Friday, January 19, 2007

It's Really Working, Isn't It?

The Governor's holiday gift to Californians was a proposal for an $11 billion expansion program of one sorry part of the state's overburdened infrastructure. Only problem was, it was for prisons. The prisons are in terrible shape - operating at double capacity, meaning the conditions for the prisons have been judged by federal courts to be illegal and they have warned the state they will be taken over if the state doesn't fix them. California also has the highest recidivism rate in the United States - and it's not a strong standard to start with. Schwarzenegger's proposal was for 73,000 new beds, or in other words to add 50% more prison beds to the number built between 1984 and 2004, which was the greatest prison building boom in world history. That didn't work, so let's do it again!

Crime is plastered all over the newspapers every day now, particularly in L.A., which is going through one of its regular gang crime booms (up 14% over 2005 citywide, up 25% in South L.A., and up 42% in the San Fernando Valley). Here's a sample of headlines just from the last 2 days. Enjoy the incoherence:
  • "Governor blames public indifference for prison ills" (Jan 18)
  • "DEA raids marijuana outlets" (Jan 18)
  • "L.A. urged to alter gang tactics" (Jan 18)
  • "Hate-crime case witnesses called heroes" (Jan 18)
  • "FBI joins L.A.policing effort in war on street gang crime"
  • "Anti-gang battle needs more than just cops"
  • "Democrats offer plan to overhaul sentencing"
These articles lay out the following picture. We spend a fortune on prisons and justice but we're supposed to spend more. Because we don't spend more, violent offenders get out on early release. But that doesn't really matter, because keeping them in makes them worse. It'll save money to shorten sentences so we'll do that. That contradicts our faith in prisons we'll spend billions more on them. As the gang problem gets press, politicians call for more cops. But more cops won''t solve the gang problem, which starts with a lack of jobs. But we can't create more jobs, because we have to build more prisons.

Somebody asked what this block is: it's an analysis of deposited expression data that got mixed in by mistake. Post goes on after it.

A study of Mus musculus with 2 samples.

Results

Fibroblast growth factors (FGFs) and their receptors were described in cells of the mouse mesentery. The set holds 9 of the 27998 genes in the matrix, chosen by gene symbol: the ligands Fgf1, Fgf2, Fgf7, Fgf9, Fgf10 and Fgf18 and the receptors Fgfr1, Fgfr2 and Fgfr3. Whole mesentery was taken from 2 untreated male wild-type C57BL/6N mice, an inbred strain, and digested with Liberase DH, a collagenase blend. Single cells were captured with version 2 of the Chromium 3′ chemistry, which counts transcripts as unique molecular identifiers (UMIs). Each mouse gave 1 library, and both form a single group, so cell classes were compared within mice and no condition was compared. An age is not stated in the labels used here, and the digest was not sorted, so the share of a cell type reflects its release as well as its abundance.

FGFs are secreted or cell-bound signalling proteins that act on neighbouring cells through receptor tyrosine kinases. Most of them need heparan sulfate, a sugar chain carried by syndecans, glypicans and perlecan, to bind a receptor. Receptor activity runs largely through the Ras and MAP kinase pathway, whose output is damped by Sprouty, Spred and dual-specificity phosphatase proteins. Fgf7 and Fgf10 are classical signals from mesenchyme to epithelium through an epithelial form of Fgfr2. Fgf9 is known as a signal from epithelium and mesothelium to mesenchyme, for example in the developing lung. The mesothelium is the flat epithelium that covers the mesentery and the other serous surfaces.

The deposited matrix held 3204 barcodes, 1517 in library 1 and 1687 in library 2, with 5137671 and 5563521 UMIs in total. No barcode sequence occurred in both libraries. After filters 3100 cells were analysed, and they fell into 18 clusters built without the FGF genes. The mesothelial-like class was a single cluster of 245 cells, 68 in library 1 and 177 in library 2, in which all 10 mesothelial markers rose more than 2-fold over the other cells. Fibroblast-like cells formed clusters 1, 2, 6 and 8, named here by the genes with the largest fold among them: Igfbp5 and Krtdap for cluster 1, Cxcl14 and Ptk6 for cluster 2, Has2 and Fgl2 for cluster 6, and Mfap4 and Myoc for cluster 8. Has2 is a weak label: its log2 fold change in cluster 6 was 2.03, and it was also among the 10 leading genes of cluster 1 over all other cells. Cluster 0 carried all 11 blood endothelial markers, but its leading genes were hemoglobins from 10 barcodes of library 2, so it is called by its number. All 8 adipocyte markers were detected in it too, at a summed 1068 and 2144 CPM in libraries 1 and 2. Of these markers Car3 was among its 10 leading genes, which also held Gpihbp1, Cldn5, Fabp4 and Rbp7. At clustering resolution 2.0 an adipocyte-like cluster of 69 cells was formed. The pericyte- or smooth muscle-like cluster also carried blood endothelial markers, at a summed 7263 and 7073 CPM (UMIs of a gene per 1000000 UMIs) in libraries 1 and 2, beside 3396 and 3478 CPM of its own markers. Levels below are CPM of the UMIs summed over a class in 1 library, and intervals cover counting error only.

This machine doesn't help neighborhoods or young men. It's excellent, however, for juicing politicians.

The "more than cops" piece was written by the LA Times columnist Steve Lopez. Near the end of it, he says the true thing that the official crime talk of California politicians always avoids.
Although some gang members are sociopaths who need to be locked away for good, many are products of economic, educational, cultural and social forces that have destroyed families and communities. They grow up with absent dads and addicted moms in places where the manufacturing jobs of yesteryear gave way to a service economy that doesn't buy you a house and barely pays the rent.
"If you don't have a job for them, it's over," [Connie] Rice said about what happens if you're lucky enough to talk a kid out of a gang. "[Father] Greg Boyle is right. The only factor that has ever substantially reduced crime by gangs is jobs."
So jobs are the one thing politicians won't talk about. The "New Economy" and poverty go together, and together they produce gang crime. Sure it's "not that simple" - but it's 80% that simple. Problem is, admitting this would make folks like Schwarzenegger have to rethink their economic ideologies, in which zero government steering of the economy makes us all rich and free.

It's easier and cheaper for Arnold to get up there on autopilot and say we don't care about prisons enough to spend another $11 billion. That's not true. We the people just don't have the money Even if we did, we wouldn't waste it on more prisons that won't fix the economy but will destroy more lives.